Faye Lehrer-Tusk (Part II)

It wasn’t long before word began to spread that the Russians were backing out and the Germans were taking over again. People began to run. However, many were reluctant to leave, for they had houses and valuable possessions and running would mean leaving everything behind. But our home had already been burned and we had not much left to our name. My father hired a gentile with a horse and wagon and during the night he took us to the Russian border. Many families followed suit — from our town and from many of the neighboring towns as well.

We moved into a basement apartment. Although it wasn’t as frightening as being in town, it was wartime and we knew we weren’t safe. Then an order came that everyone had to register for a Russian passport. My parents weren’t sure that it was to our benefit; we decided that we should not apply for a Russian passport.

For how long were you able to remain under these conditions?

One Friday night soldiers arrived with large bayonets to take us away to the train station in the center of town. Although we didn’t have too many possessions with us, they allowed us to take along whatever we wanted. Men, women and children squeezed onto the train between the packages; we had no idea where we were headed. My two sisters were not at home at the time. It was just my parents, one brother and I.

The trains were very long freight trains with many cars attached. It took a few days to fill up the cars before we were able to begin our journey. We traveled for two weeks; the doors were barred, making it impossible to escape. I do remember that we stopped at different stations where the townspeople had pity and brought us water to drink. The children were crying; there were no bathrooms and overall the conditions were horrible.

It was the fall season already, around the time of the Yamim Tovim. The train traveled as far as it could go, discharging full cars of people on the way, until we arrived in Siberia. At the last stop we were finally let off the train. We unloaded and remained outside for the night. In the morning, we piled into the next group of trucks. We arrived at our next destination, where we remained for a very short time. We could not continue on, for there were no roads for the trucks to travel on. Instead, they brought horses, and finally we arrived at our final stop, deep in Siberia. They set us up in barracks, a few families to each barrack.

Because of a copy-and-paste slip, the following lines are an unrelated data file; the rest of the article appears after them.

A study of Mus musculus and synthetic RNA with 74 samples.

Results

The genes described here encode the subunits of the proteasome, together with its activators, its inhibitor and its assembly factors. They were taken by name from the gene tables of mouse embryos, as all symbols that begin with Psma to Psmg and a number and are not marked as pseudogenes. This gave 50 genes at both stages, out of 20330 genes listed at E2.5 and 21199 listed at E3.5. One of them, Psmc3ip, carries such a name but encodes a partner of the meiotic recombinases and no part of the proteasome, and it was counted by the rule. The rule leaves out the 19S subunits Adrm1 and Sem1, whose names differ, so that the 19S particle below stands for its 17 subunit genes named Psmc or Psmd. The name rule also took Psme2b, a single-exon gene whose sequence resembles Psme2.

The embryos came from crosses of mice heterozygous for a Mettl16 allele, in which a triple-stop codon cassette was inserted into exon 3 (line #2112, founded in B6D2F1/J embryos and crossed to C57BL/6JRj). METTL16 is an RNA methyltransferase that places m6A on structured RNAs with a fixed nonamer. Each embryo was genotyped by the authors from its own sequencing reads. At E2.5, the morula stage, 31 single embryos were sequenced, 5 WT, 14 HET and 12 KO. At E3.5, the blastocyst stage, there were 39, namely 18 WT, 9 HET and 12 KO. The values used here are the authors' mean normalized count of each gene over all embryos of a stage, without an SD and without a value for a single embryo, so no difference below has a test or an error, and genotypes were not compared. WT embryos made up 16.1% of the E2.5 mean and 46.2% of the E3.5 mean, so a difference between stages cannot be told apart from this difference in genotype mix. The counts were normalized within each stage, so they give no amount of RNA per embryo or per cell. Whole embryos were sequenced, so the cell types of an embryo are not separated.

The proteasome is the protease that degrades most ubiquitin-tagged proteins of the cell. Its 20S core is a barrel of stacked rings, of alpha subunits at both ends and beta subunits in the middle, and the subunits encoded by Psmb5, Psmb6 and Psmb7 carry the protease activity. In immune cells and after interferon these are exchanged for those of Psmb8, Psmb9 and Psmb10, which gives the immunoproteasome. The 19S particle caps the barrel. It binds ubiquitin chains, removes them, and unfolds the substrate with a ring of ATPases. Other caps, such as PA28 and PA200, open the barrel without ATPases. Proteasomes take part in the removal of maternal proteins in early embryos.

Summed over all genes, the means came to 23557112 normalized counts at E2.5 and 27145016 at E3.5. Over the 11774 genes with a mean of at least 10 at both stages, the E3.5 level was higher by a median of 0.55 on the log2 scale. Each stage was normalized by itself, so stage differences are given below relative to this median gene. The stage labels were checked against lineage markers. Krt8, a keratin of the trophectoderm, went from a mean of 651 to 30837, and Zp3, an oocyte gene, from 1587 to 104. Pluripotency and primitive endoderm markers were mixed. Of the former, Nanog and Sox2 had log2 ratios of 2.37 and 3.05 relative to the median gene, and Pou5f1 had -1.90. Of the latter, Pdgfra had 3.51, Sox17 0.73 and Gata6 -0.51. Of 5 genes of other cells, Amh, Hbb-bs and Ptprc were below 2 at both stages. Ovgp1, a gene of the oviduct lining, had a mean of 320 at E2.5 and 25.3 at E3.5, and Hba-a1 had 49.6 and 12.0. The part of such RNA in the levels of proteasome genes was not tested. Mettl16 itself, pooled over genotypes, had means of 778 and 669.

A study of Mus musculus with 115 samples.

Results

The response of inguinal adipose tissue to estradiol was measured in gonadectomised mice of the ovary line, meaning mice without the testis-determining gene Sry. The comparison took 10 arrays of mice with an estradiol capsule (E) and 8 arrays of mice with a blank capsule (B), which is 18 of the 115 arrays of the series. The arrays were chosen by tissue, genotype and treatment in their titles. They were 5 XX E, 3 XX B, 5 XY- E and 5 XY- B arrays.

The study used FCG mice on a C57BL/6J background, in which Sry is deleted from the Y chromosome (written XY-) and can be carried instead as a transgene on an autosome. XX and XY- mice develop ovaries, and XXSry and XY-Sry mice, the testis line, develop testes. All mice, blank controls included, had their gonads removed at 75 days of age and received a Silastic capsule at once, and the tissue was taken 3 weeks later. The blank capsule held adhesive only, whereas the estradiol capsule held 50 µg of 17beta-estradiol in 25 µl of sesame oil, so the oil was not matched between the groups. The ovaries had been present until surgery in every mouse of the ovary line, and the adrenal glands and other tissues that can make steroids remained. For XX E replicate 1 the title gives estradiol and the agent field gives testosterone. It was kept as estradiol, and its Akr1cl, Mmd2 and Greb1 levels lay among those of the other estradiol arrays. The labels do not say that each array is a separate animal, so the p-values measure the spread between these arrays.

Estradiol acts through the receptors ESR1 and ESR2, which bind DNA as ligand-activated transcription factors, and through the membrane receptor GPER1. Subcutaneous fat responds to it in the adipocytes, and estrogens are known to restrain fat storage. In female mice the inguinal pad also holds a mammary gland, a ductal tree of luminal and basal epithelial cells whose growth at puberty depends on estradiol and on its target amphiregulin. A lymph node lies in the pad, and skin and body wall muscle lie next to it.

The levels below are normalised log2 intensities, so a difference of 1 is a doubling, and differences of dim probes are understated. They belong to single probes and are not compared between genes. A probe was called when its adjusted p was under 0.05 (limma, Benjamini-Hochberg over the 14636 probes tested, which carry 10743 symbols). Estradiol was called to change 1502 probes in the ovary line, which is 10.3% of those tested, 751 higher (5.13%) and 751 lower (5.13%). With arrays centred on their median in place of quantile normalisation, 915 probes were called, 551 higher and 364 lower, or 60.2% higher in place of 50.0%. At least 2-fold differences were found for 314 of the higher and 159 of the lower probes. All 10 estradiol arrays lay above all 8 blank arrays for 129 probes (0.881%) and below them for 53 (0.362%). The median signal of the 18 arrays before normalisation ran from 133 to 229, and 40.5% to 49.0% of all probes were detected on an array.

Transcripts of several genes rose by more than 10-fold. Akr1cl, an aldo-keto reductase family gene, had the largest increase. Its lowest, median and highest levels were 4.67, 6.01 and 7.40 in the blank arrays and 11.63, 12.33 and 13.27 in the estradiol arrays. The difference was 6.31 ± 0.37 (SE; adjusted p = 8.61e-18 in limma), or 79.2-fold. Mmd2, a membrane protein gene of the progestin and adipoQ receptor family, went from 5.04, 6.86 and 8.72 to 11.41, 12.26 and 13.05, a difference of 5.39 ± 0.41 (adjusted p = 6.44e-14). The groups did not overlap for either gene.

Flies stormed the area, eating our flesh.

What were the new living conditions?

We were given 200 grams of bread a day to eat. We were woken up in the middle of each night for appel; they counted us again and again. They wanted to make sure no one escaped — not that there was anywhere to run or hide.

The weather conditions were icy. Work was distributed to all. My father and my brother received jobs cutting wood. They would stack up the wood and send it down the river to be shipped to the neighboring villages. The work was quite hard.

I recall an ehrliche, frum young man, an extremely nice man by the name of Reb Benzion Faber, whose wife and small children were on our transport. At the last second he arrived and jumped onto the train to be together with them. When we arrived in Siberia, he worked alongside the rest of the men cutting down wood. Suddenly the bark of a tree fell on him and instantly killed him. He left behind a wife and two young children who emigrated and settled in Eretz Yisrael

I acted as a water carrier, bringing water to the workers to drink. The roads were like a sheet of ice. I carried an ice chopper with me to break the ice and make a path. By the time I arrived at the workers’ site, the buckets of water were mostly empty; the water had spilled on this treacherous path.